In reaching out to men doing business in the Blackstone Valley who are grateful for the influence their dads had on them, in anticipation of Father’s Day, Vibes found Gerald L. “Lee” Gaudette III of Gaudette Insurance Agency Inc. and Dan Desjardin of Dan’s Carpentry Inc. Both owe much to the men they simply call “dad.” And in fact, in both cases, to their grandfathers.
It is not so far-fetched to imagine the next young golfing hotshot—a Tiger Woods, Rory McIlroy, Jordan Spieth, Paula Creamer or Michelle Wie—claiming Blissful Meadows in Uxbridge as his or her home club.
With PGA Class “A” Member Joe Griffin having recently returned to Chockalog Road as director of instruction, Blissful Meadows is putting fresh emphasis on grooming “juniors” (kids age six to fifteen) in the mechanics of the game.
Blackstone Valley golf-course personnel have no such luxury as the little varmint known as Punxsutawney Phil to help them predict when they can open for the season, come spring.
Instead they have to rely on the judgment of seasoned grounds professionals like Michael O’Connell who is superintendent at Highfields Golf & Country Club on Magill Drive in Grafton.
If anything is apparent as Blackstone Valley dealerships rev up for Presidents’ Day 2015 it is
that Russ Rosborough of Uxbridge Auto Inc. knows cars like George Washington knew cherry
trees or Abraham Lincoln knew right from wrong.
He also knows what it takes to be a success in a highly competitive industry.
Staying power? Come 2018, Mr. Rosborough will mark forty years serving the region he calls
by Rod Lee
St. Patrick’s Day in the Blackstone Valley may not mean parades like the ones that take place in Boston and Worcester, a widespread lifting of a pint at the local pub (there aren’t that many such establishments around these parts) or much of the other fanfare that accompanies celebrations of the life of “The Apostle of Ireland”—a fifth-century bishop and missionary around whom great legend is built.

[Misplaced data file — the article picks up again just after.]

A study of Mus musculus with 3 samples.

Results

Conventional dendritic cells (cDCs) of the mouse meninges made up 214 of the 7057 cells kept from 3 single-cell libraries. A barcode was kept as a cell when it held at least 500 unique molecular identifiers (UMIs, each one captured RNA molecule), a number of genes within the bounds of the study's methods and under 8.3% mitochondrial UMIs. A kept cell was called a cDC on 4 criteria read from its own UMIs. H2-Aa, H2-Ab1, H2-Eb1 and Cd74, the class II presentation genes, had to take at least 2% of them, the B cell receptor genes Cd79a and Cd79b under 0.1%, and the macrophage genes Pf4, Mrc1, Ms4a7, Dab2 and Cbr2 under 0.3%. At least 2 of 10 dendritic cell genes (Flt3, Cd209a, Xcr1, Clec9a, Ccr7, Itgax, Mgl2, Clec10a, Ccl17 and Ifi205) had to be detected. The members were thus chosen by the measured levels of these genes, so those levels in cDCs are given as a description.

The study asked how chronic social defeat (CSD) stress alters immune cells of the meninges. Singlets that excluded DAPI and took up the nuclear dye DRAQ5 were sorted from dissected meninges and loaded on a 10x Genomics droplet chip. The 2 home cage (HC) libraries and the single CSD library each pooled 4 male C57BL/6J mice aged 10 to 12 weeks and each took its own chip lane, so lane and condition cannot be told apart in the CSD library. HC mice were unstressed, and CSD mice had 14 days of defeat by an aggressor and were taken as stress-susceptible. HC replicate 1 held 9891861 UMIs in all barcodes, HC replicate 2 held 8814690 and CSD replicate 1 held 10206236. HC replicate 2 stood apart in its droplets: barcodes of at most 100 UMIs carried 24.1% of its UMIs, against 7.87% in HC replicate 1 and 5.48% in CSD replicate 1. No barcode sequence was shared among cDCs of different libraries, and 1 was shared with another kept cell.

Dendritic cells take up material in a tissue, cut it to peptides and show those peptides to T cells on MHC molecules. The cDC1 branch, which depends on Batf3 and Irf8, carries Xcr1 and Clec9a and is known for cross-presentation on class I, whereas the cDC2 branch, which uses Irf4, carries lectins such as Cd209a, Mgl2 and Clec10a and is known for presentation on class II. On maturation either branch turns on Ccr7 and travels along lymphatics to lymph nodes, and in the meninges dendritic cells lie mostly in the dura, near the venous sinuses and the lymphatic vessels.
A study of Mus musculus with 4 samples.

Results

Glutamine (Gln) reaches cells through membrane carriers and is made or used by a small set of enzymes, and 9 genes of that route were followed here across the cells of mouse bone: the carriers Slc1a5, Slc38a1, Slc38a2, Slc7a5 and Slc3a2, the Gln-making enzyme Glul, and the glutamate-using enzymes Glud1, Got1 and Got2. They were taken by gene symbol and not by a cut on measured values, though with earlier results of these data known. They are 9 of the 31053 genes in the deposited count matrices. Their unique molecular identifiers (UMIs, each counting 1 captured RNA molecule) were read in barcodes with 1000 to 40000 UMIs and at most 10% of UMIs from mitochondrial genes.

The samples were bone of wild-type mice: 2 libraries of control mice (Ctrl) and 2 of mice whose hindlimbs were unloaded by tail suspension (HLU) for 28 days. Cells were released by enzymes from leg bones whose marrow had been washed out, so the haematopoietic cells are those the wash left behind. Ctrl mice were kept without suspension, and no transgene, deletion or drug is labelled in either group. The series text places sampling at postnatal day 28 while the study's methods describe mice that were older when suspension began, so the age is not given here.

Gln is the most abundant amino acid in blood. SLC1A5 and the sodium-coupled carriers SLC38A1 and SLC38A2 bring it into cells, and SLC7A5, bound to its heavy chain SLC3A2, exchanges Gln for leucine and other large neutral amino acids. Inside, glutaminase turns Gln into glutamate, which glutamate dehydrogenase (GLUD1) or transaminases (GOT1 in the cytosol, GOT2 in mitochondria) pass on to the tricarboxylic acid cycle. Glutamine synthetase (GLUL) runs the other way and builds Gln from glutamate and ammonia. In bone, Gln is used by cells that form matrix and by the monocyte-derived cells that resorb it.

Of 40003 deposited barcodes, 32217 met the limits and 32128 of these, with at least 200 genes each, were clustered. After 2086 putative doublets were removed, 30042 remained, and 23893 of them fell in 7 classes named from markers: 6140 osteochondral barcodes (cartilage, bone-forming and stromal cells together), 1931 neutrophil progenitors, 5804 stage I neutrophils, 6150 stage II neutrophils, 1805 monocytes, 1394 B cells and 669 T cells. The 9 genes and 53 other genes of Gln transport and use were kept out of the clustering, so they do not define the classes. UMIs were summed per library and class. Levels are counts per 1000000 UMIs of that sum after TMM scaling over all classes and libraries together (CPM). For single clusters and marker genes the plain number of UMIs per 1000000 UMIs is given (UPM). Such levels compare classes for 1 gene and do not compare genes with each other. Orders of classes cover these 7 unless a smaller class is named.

In fact, a tour of several stores for retailers who are pushing merchandise to commemorate the holiday left us virtually empty-handed.
by Rod Lee
There is no calculating in dollars or by any other means of measurement what the loss of Brian’s Restaurant, which closed its doors on Sunday night, October 19th, means to the town of Northbridge and the village of Linwood.
Brian Snay’s eating and drinking establishment was not just the only pub-style family dining venue of its kind for miles around, it was in a real sense the glue that held a tight-knit neighborhood together.
by Rod Lee
If ever further proof was needed that the Grafton Flea Market is one of the Blackstone Valley’s most venerated institutions, one need only have visited on a Sunday morning in late June, as we did.
On the sprawling grounds situated along Rt. 140 we immediately struck up a conversation with Jonathan Giantz of Cranston, Rhode Island who was selling rope and bungee cord. Mr. Giantz is one of the Grafton Flea’s new vendors.
by Rod Lee
The three secluded cabins set off an obscure and rustic road marked by a sign on a tree that reads “Owl crossing” don’t begin to tell the story of Wallis Cove, which is celebrating a 50th anniversary this year.
Neither does the pristine 216-acre Whitin Reservoir with its sandy beach, great bass fishing and pit for bonfires.
Neither does the opportunity that is always available for a guest-house rental for the perfect lakeside setting for casual weddings, corporate planning sessions, birthday parties and family reunions.
by Rod Lee
The curse is lifted.
Salt and sand trucks, gone.
Television weather forecasters bearing bad news, not gone but at least tolerated.
A handful of small retailers I talked to recently are among the happiest people around now that a new morning and a more favorable climate have dawned for themselves and their customers.
It must seem like an optical illusion, all of those “Marty Green Properties” for-sale signs in front of or on the sides of buildings throughout the Blackstone Valley—and beyond.
Surely there are those who have asked themselves, in seeing this blitz of red, white and blue advertising placards, “how on earth can one man, one company, seemingly have such a grip on the business of marketing commercial, industrial and residential property?” Not to mention having more than just a big toe stuck in the waters of property management?